The decision announced last week by the England Cricket Board to end all Kolpak contracts and instead enforce an “overseas player” quota is good news for South African cricket. However, there are complications now too.
JOHANNESBURG – The ending of Kolpak contracts in England offers South African cricket opportunities but there are also concerns about the impact it will have on a broader basis for all professional contracts locally.
Kolpak has been a strain on South African cricket for more than a decade. Rilee Rossouw, Kyle Abbott, Wayne Parnell, Hardus Viljoen and most recently Duanne Olivier have all drawn a line under their international careers, to take up offers in the UK. Abbott, Rossouw and Olivier were ‘departures,’ which angered local cricket authorities.
Then Proteas coach Russell Domingo expressed disappointment with Rossouw and Abbott’s departures under his watch, wishing they’d expressed more openly their desire to leave at a time when the national side was in transition and they were being looked at as crucial components in the Proteas set-up. Olivier had broken records in a three-match series against Pakistan when he went the Kolpak route with Yorkshire, with then Cricket SA chief executive, Thabang Moroe, bemoaning the resources CSA had invested in Olivier only to see all that development head to England.
“If one looks at the bigger picture this is not good news for the global game either that a player who has just broken into the top 20 on the ICC Test match bowling rankings for the first time should opt effectively to bring down the curtain on his international career in favour of playing only in domestic leagues,” Moroe said at the time.
Moroe was right. And in that sense the decision announced last week by the England Cricket Board to end all Kolpak contracts and instead enforce an “overseas player” quota is good news for South African cricket. However, there are complications now too.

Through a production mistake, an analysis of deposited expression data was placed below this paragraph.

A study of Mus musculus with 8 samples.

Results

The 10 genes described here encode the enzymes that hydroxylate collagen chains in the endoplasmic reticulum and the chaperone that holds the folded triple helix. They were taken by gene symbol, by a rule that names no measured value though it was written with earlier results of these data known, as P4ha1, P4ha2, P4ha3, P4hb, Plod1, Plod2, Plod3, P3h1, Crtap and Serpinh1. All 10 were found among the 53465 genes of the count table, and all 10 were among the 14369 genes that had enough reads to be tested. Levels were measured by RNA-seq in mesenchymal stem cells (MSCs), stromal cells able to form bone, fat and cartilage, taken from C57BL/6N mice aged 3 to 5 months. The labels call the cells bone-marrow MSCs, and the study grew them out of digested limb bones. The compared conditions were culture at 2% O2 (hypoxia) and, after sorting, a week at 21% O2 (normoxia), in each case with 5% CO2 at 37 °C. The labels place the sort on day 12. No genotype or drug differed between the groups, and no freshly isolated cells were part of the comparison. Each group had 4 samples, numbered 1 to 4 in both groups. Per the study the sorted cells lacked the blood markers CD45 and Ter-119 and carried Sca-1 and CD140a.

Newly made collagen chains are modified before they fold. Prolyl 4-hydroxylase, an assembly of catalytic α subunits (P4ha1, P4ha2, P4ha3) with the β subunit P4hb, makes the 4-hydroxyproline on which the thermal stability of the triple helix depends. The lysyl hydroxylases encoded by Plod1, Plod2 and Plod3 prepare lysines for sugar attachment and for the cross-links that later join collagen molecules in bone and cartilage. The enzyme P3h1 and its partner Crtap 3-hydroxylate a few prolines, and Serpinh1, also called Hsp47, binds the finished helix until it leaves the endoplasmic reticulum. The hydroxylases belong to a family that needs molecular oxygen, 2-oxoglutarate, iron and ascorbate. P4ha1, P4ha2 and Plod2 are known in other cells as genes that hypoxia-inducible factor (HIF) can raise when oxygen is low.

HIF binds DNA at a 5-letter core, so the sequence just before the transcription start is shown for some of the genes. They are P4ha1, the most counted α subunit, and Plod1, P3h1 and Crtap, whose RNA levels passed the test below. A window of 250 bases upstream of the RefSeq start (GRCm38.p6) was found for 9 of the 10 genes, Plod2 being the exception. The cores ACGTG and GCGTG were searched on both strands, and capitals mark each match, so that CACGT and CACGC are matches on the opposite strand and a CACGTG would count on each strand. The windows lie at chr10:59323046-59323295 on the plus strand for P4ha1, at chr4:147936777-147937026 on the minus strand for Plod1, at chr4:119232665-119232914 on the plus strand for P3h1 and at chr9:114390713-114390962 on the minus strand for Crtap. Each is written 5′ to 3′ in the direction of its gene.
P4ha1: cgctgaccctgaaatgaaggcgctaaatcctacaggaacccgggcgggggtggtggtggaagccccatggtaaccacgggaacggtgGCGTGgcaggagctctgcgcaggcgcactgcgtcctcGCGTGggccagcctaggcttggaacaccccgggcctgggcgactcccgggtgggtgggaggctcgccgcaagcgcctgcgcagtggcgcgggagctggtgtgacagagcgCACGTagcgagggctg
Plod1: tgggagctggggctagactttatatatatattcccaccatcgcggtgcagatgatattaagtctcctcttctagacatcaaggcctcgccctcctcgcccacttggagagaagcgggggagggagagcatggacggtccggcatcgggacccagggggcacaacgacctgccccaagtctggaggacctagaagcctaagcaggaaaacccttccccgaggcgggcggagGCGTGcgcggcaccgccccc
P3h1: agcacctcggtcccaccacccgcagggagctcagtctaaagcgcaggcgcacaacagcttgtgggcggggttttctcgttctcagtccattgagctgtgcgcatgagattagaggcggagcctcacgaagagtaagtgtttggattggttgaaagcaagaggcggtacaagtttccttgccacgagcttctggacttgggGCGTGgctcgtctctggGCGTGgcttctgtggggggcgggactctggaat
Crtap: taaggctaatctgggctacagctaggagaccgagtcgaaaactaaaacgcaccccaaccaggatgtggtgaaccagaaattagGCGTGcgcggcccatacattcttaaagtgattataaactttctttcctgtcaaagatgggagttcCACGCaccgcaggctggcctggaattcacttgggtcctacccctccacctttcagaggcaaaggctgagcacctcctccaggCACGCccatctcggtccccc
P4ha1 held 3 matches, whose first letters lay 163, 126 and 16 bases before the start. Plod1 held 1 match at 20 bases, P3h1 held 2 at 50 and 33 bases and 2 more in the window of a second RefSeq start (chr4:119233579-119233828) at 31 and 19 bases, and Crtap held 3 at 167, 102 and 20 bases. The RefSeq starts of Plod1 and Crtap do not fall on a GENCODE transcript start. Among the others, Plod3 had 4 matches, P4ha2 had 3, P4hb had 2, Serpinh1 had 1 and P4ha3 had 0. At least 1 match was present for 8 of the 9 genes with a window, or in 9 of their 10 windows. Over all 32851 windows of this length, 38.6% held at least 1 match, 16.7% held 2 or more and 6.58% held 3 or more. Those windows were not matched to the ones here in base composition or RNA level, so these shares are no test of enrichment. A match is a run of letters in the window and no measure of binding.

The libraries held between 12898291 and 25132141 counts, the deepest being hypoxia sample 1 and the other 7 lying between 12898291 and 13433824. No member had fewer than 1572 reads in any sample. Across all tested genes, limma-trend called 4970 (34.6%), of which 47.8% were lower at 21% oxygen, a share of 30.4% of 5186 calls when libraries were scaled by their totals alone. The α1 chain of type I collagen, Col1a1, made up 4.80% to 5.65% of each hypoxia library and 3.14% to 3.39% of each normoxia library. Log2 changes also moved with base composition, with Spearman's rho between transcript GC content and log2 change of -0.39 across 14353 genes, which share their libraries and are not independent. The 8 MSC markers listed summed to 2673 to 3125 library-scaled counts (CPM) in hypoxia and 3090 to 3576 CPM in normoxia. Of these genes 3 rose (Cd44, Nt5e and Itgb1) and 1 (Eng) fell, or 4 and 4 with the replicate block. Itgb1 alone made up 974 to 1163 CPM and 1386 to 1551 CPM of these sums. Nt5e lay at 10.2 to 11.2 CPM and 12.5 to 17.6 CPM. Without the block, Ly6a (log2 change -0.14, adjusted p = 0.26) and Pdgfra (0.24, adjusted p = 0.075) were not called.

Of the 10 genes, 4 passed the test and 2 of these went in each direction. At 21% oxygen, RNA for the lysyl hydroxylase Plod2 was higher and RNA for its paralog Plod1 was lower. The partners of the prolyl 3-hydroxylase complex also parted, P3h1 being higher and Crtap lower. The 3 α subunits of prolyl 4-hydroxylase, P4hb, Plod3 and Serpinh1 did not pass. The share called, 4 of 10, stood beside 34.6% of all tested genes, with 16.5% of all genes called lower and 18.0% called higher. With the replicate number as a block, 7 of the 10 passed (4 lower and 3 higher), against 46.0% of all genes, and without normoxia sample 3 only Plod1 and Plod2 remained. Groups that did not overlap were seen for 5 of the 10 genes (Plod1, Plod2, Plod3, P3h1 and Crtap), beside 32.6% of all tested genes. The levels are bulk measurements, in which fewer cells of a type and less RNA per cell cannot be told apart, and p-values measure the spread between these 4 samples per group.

First the good; the likes of Simon Harmer, Abbott and Rossouw are now theoretically available for Proteas selection. “They would now be classified as ‘overseas players’ and are now eligible to play for South Africa,” said the SA Cricketers Association (Saca) chief executive Andrew Breetzke. “They can play domestic cricket in South Africa. Whether they want to is another question.”
The players’ desires and the ability of local franchises to sign them up are some of the considerations that will make for a very different landscape when it comes to player contracts in South Africa.
The availability of those previously unavailable due to Kolpak, is good for SA cricket. Having access to the expertise of Morné Morkel, Abbot, Hashim Amla, Rossouw, and Harmer would be beneficial to local players but it also broadens the net in terms of Proteas selection, particularly for Harmer who has stated he wants to play Test cricket again or even for Rossouw in the white ball formats.
Money will, however, be a major issue. Cricket SA may be advertising for positions at Board level and in the management head office in Johannesburg, but it remains an organisation that has a dreary financial cloud hanging out over it.
“How our players are contracted will be a big discussion going forward in our cricket system, especially with the restructure happening and what that will end up being,” said Breetzke.
The discussions around the restructure of the domestic game have taken a back seat, while the administrative mess continues to suck all the air out of the sport.
But whatever remains of South African cricket, once those responsible for dragging the sport into the crisis weighing it down are dealt with, will encounter a landscape for players that is vastly changed. The Kolpak change will only have accelerated a process that is likely to see domestic contracts not drawn up in the manner many have been used to in the last 15 years.
“The days of one domestic contract, where you will play all the (30) matches, across three different formats, I’m not sure that can remain going forward, the reality will be different,” said Breetzke. “You might find players very early on going, ‘I’m this type of player, give me the freedom to play overseas and still be part of the domestic structure.’”
The decision by the ECB had been mooted for a while so discussions around domestic contracts have started between Saca, CSA’s Director of Cricket, Graeme Smith, and CSA’s head of cricket pathways Eddie Khoza.
But those talks need to happen at a more senior managerial and even Board level, something which can’t take place right now. “You have to have a strong Proteas team, and for that you have to have strong domestic competitions and within that you have to have a strong transformation pipeline. You have to have a system, where the people within that structure have to have a line of sight in which they can make it to the Proteas,” Breetzke remarked.
All of these are critical talks that need to be had, structural matters that need urgent resolution. They can’t take place properly right now. Just another consequence of the almighty administrative mess that CSA is in.